Joe Biden’s nominee for a key economic post has deleted more than a thousand of her own tweets, some of which were critical of senators who now hold her fate in their hands.
The Daily Beast first reported the steps by Neera Tanden, the president of the Center for American Progress (CAP) think tank who Biden has nominated to lead the federal Office of Management and Budget.
“Can people on here please focus their ire on [Senate majority leader Mitch] McConnell and the GOP senators who are up [for re-election] this cycle who enable him,” Tanden wrote in June 2019, in a tweet recovered by the Beast.
Tanden named those “enablers” as Cory Gardner, Susan Collins, Joni Ernst, John Cornyn, David Perdue, Thom Tillis “and many more”.
A tweet calling McConnell “#MoscowMitch”, a common nickname for the majority leader among liberals during the investigation of Donald Trump’s links to Russia, was also among those deleted.
Tanden’s fate may hinge on two runoff elections in Georgia in January. If Democrats win both seats – one held by Perdue – they will control the Senate via Kamala Harris’s casting vote as vice-president. That would make Tanden’s confirmation achievable – if party discipline held.
But Tanden, a former policy aide to Hillary Clinton, has also been a fierce critic of senators from the Democratic side of the aisle, for example the progressive Vermont senator Bernie Sanders.
“It’s an odd choice for Biden and his ‘healing’ presidency to bring someone in who is so combative, especially on Twitter, being that we just ended a four-year Twitter presidency,” Josh Fox, a climate activist and Sanders surrogate, told the Beast. “She causes ire unnecessarily.”
It’s a disqualification for someone to serve in the cabinet that engaged in her own opinion on Twitter? That’s dumb
Fox also said CAP “pretends to be aligned with progressive values, but Neera Tanden seems so cynical that she attacks progressive policies like a ban on fracking, the Green New Deal and Medicare for All”.
The Massachusetts progressive Elizabeth Warren is among prominent Democratic senators who have backed Tanden.
Republicans have been quick to tell reporters Tanden will not be confirmed if their party can help it. On Monday, Cornyn, from Texas, told reporters he thought Tanden was Biden’s “worst nominee so far”.
“Her combative and insulting comments about many members of the Senate, mainly on our side of the aisle, [create] certainly, a problematic path,” he said.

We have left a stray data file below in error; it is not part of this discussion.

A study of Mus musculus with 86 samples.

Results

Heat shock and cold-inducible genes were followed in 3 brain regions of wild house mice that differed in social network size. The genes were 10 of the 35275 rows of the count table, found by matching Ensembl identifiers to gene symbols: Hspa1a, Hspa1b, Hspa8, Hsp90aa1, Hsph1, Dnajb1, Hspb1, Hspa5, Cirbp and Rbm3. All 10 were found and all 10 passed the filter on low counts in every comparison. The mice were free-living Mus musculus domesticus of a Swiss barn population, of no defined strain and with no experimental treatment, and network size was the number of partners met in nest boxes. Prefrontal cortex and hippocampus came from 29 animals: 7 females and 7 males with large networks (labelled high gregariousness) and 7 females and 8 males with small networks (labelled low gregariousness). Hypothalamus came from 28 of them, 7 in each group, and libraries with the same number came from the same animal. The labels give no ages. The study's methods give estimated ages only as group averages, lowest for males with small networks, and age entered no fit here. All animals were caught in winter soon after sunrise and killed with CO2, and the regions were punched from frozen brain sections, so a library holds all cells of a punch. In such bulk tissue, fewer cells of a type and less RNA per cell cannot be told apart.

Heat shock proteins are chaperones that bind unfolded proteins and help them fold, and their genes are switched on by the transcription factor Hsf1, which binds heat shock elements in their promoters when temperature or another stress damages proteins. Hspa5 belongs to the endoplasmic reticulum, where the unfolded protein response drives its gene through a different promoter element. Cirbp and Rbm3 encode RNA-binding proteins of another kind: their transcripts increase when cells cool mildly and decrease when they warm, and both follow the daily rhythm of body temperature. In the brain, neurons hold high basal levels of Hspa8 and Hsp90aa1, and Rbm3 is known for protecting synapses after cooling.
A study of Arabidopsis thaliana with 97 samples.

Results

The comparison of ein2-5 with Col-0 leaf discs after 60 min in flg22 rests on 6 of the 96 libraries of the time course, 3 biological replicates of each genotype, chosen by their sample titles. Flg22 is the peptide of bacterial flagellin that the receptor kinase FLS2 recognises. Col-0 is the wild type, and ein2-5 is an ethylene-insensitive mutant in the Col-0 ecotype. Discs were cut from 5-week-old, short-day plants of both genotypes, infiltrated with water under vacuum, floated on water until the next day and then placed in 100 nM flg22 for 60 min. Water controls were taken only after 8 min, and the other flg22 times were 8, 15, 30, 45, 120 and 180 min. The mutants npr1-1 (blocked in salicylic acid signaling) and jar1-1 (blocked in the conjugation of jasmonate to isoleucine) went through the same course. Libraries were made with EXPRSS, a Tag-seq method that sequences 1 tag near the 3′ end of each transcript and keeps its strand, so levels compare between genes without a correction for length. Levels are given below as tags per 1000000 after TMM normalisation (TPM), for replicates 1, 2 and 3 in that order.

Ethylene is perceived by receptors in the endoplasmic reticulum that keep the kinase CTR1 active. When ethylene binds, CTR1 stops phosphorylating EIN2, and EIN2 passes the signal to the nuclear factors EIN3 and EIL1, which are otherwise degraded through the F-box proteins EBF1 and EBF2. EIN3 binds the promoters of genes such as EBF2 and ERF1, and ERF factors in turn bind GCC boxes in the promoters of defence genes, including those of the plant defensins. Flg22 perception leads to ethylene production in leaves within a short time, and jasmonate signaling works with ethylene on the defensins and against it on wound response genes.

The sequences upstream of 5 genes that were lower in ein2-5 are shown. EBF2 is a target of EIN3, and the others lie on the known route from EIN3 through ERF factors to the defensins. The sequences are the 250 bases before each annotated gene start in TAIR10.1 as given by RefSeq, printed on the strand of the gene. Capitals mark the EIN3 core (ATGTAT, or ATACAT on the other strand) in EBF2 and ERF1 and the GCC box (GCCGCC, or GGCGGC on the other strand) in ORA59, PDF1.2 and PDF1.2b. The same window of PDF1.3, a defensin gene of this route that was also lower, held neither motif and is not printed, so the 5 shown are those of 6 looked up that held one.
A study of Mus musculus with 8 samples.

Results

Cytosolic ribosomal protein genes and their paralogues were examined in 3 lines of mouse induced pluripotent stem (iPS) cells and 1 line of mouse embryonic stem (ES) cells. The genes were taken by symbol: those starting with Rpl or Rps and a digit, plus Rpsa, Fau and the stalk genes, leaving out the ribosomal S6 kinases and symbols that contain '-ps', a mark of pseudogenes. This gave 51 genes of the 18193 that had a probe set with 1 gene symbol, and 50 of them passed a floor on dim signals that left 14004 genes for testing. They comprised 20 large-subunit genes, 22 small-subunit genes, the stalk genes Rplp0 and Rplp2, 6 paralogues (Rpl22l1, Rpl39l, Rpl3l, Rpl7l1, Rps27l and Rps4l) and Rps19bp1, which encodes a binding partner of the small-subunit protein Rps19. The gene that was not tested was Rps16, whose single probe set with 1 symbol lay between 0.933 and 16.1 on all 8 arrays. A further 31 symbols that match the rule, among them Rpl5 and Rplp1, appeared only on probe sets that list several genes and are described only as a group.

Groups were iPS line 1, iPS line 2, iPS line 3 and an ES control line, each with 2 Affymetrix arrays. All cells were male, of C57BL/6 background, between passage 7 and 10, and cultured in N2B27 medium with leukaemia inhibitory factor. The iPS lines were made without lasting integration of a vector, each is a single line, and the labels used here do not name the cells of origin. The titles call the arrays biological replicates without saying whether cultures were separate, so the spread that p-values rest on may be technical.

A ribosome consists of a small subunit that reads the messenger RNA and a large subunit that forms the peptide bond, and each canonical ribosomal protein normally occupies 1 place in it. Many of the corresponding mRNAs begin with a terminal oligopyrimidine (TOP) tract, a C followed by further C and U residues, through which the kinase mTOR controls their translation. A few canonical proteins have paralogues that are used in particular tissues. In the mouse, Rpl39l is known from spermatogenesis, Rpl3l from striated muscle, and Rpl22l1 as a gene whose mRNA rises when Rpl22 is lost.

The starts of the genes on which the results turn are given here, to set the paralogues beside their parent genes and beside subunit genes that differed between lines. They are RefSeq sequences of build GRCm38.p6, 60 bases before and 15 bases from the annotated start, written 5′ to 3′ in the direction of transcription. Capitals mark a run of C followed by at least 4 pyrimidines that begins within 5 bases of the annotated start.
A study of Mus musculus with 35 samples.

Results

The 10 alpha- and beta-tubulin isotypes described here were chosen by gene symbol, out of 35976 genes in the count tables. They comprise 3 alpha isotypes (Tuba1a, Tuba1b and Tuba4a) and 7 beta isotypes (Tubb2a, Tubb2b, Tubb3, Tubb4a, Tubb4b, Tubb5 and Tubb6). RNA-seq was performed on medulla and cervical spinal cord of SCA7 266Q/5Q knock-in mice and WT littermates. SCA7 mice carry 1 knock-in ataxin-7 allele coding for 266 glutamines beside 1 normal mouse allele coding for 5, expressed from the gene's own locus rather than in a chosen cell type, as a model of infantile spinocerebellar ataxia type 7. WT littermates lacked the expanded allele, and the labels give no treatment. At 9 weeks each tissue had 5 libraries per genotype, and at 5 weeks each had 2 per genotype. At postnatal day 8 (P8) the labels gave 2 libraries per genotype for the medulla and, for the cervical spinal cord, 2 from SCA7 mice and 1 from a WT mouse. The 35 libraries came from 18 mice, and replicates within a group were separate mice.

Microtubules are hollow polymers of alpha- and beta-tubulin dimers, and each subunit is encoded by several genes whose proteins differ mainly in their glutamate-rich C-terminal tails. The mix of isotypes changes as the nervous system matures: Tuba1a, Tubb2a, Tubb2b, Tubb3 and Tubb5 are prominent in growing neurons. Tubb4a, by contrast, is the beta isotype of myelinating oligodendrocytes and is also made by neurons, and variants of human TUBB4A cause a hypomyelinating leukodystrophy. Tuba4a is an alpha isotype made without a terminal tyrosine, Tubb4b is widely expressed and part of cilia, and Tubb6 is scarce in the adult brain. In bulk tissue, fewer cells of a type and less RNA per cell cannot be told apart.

The Beast said Tanden had deleted at least one tweet in support of MJ Hegar, the Democrat Cornyn beat for re-election last month.
Speaking on MSNBC, Claire McCaskill, a former Democratic senator from Missouri, accused Republicans of displaying “a whole new level of hypocrisy”.
“The Republican senators are now all of a sudden worried about tweets that hurt their feelings,” she said. “This is just ridiculous.
“We’ve had a president who has used his Twitter account like a battering ram, going after not just his political opponents but Republican senators, unfairly, with incredibly brutal tweets. Now all of a sudden it’s a disqualification for someone to serve in the cabinet that engaged in her own opinion on Twitter? I think that’s dumb.”
In a statement emailed to the Guardian, a transition spokesperson said Biden would “choose the most-qualified, most experienced candidates capable of leading on day one” and “looks forward to working in good faith with both parties in Congress to install qualified, experienced leaders.
“The president-elect has been heartened to see a number of Republican senators express their desire to work together and indicate that they believe that presidents deserve latitude in building their team.”
Jen Psaki, Biden’s incoming White House press secretary, said Tanden was “a brilliant policy expert and she knows how vital funding for [government] programs is. As a child, for a period her family relied on food stamps to eat, on Section 8 vouchers to pay the rent and on the social safety. Her fresh perspective can help meet this moment.”
Tanden did not comment on the Daily Beast report. She tweeted: “After my parents were divorced when I was young, my mother relied on public food and housing programs to get by. Now, I’m being nominated to help ensure those programs are secure, and ensure families like mine can live with dignity. I am beyond honored.”
She has also changed her Twitter biography. It now reads: “Director of OMB nominee, liberal, Indian American, feminist, mom, wife. Not in that order. Views expressed are most definitely my own.”